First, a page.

Saturday, 7 April 2007


The colour-blind Chameleon simply couldn’t change colour properly. If he was sitting on a bush of green privet, he went a bright, blistering red and when he was basking on the yellow sandstone rocks, he turned sky blue.

Everyone warned him to start doing things in the proper chameleon way so as to blend in with his surroundings rather than stand out.

"If you don’t conform, you’re done for!” said one old chameleon who had spent her life changing colour in the regulation fashion. "Don’t you realise that there are enemies of chameleonkind just waiting for you to show up?!”

But the colour-blind Chameleon just smiled and went on changing colour in his own highly individual way. Climbing up the rough black bark of a tree, he gleamed as yellow as the sun; silhouetted on a branch against the cobalt blue sky, he sported a vivid shade of green.

All the other chameleons waited for the day when a jackal or a buzzard would spot and make short work of their non-colour-coordinated friend.

But that day never came.

It wasn’t that he didn’t get noticed, because he did. However, it wasn’t a jackal or a buzzard that spotted him, but a famous TV naturalist who was so fascinated by the Chameleon’s radical determination to stand out from the crowd and to be seen that he took him off to the Big City and offered him an exclusive television contract which, in turn, led to personal appearances, a lucrative publishing deal and international celebrity.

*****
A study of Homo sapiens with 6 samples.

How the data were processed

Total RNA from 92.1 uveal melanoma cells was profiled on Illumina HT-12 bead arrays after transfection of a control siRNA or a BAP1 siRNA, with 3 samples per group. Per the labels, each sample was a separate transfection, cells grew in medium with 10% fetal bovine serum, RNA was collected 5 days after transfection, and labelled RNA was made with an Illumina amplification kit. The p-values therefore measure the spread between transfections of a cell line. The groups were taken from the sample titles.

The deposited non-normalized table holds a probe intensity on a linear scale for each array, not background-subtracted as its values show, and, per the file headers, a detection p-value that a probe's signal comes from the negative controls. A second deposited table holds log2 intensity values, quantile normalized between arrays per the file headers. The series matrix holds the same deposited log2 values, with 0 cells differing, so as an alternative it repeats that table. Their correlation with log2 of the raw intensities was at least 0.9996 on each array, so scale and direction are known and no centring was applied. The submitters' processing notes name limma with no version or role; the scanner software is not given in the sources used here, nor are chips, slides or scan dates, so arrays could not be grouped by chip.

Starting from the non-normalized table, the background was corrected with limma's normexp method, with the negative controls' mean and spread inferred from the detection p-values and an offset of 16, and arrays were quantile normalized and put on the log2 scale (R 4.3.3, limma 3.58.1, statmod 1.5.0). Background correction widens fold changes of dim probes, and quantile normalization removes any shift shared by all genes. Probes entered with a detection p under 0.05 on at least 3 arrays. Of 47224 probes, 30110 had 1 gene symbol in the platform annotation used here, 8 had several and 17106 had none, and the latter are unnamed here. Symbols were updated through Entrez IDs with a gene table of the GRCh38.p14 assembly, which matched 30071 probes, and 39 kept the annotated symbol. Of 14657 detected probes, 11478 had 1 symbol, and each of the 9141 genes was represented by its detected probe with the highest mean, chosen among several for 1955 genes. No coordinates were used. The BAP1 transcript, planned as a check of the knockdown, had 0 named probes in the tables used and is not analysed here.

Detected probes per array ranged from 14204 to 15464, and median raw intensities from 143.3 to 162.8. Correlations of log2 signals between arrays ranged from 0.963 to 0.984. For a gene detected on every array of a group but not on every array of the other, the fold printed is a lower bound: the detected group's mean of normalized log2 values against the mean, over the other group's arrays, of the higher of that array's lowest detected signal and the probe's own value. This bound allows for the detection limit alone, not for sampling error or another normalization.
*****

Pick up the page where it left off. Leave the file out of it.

Even in the unrelenting glare of media attention and public notoriety, he somehow managed to avoid the jaws of jackals and the claws of buzzards and became the wealthiest, longest-lived chameleon in the history of zoology.

© Brian Sibley 2007
Read more of my Likely Stories


Scrooge said...

Well, I feel you've missed your chance to insert one of your usual feel-good endings into this story. Perhaps I could suggest one. How about one where a group of scientists arrive and are fascinated by this freak of nature. As with all things that engage their enthusiasm, they talk for hours and finally kill it humanely to do various tests. They don't find the answer to why it doesn't go the right colour but declare it very interesting anyway. The end.
Well, what do you think ? :-)

Brian Sibley said...

I WAS trying to write a tale with upward twist in its tail, but that is certainly an acceptable alternative reading!